With interest rates still near all time lows, you may be thinking about refinancing your existing mortgage into a new one. As a homeowner, there are good reasons to consider this option: to get a lower interest rate, to drop private mortgage insurance, or to pull cash from your home’s equity to consolidate debt or make home improvements. The short answer, of course, is to have more money each month for groceries, car payments, and the orthodontic bill.
"You may have the potential to save hundreds of dollars on your monthly payments by refinancing," said Bryan Maddex, a loan officer with our Amerifirst Charlotte, N.C., branch. "While it's not right for everyone, it doesn't cost you anything to talk to a loan officer who can review your current mortgage and let you know your options."
Here are six reasons why you might consider refinancing your existing mortgage:
- Lower your interest rate and your payment. This is one of the top reasons that homeowners refinance their mortgage. If interest rates are lower than when you bought your house, refinancing the balance on your loan at a lower rate can reduce your monthly payment and the overall cost of the loan.
- Pay off your home faster. You may want to take advantage of low rates to reduce the term of your loan. Shorter terms mean lower rates. Keep in mind that switching from a 30-year to a 15-year loan will raise your monthly payment, but if you can afford to go with the shorter term, you’ll save thousands of dollars over the life of the loan. You’ll also build equity in your home quicker, and of course, you'll be mortgage-free 15 years earlier!
- Convert your adjustable rate into a fixed rate. Adjustable rate mortgage (ARM) loans can help you ease into your payments, especially if you are a first-time buyer or if you need lower payments initially. If you plan on staying in your home for several years, however, you may want to consider refinancing to a long-term fixed rate loan. Doing so can help you rest easier at night, knowing that your rate and payment will not change for the life of the loan.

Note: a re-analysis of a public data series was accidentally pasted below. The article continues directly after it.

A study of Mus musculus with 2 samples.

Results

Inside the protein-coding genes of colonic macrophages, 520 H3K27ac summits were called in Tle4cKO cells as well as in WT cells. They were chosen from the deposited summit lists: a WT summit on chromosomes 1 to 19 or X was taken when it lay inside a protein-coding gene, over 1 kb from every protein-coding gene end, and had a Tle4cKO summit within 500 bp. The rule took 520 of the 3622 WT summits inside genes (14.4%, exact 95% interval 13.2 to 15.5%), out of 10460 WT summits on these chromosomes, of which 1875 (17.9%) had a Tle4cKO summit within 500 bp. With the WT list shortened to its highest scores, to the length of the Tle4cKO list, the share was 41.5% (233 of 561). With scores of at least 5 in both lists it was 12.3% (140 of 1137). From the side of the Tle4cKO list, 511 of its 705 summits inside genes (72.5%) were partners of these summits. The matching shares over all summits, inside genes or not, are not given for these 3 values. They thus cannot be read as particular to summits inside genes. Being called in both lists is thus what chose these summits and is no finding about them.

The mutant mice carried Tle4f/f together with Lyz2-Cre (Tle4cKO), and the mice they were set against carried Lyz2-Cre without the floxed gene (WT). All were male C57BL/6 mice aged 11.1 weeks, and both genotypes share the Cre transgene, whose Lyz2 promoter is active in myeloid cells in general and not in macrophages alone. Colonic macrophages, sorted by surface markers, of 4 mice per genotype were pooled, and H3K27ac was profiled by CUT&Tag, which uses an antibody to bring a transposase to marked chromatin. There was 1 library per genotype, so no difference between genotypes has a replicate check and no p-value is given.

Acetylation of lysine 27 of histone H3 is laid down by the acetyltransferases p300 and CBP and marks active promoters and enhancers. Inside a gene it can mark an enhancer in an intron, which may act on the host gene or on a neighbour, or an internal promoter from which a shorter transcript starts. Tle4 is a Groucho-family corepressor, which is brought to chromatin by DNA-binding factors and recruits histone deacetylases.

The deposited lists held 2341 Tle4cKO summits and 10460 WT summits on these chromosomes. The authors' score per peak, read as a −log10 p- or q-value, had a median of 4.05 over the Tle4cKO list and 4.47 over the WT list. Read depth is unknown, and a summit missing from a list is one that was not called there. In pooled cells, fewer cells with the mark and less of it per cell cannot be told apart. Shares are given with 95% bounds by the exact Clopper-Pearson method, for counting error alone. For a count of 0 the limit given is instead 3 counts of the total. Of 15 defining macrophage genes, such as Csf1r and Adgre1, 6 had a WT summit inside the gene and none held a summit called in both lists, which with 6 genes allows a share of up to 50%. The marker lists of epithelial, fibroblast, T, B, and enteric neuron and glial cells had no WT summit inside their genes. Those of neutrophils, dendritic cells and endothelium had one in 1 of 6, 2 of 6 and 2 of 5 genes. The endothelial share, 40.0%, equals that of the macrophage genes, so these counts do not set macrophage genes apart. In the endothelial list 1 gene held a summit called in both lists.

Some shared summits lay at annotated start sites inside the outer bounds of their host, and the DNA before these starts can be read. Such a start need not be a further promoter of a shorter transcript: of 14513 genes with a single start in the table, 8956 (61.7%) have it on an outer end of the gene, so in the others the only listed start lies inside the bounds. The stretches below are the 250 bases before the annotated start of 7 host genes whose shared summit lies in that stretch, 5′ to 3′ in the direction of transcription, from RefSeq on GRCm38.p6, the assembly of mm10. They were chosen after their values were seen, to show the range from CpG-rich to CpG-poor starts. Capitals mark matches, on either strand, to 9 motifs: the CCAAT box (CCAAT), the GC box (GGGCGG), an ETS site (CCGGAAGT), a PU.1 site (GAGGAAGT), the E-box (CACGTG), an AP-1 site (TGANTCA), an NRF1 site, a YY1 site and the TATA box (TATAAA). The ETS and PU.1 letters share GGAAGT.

- Your credit score has improved. If your credit score has gone up substantially from when you took out the loan, you may qualify for a better rate. For example, if you’ve been paying your bills on time and in full, your credit score has probably increased.
Read our blog: Four Quick Tips to Improve your Credit Score
- Remove mortgage insurance. If you purchased your home with less than 20% down, you're most likely paying private mortgage insurance (PMI). Refinancing will help you eliminate the extra expense if you've paid down your mortgage balance to 80% of the home’s original appraised value and/or have seen an increase in your home's value to at least 20% equity.
- Take cash out to consolidate your debt or make home improvements. Every month that you make your mortgage payment, you’re building equity in your home. A cash-out refinance is when you tap into your home’s equity and get cash back to pay for other things, like paying down debt (high interest credit cards, student loans, medical bills) or create a cash cushion. By consolidating your debts, you can lower your total monthly expenses and keep more money in your pocket.*
Been dreaming of a gourmet kitchen? You can also take cash out and use it to remodel or update your home. By doing a little research, you can also make the right upgrades (bathroom, windows, landscaping) that will increase your home’s value and have you living in your dream home too!
Is this a good time for you to refinance? Our loan consultants say that if you’re planning to move in the next few years, probably not. But, they say, if you can shave one-half to three-quarters of a percentage point off your existing mortgage by refinancing, it’s probably worth investigating.
Also, be aware you'll need to pay closing costs on a refinance. It's no different from when you bought your home; you'll need to pay origination and application fees, appraisal and inspections costs, and title fees. You can expect to pay between 3% and 6% of the total loan amount being refinanced. The good news? You may be able to roll your closing costs into your new home loan.
We’re here to help! One of our friendly loan consultants can take a look at your current mortgage, review your options, and help you make a decision that’s right for you.
Not all borrowers will qualify; contact us for more information on fees and terms. Not intended as accounting or investment advice. Contact your financial representative for more information. *A cash-out refinance increases your mortgage debt and reduces the equity you may have in your home. Your monthly mortgage payments may be higher.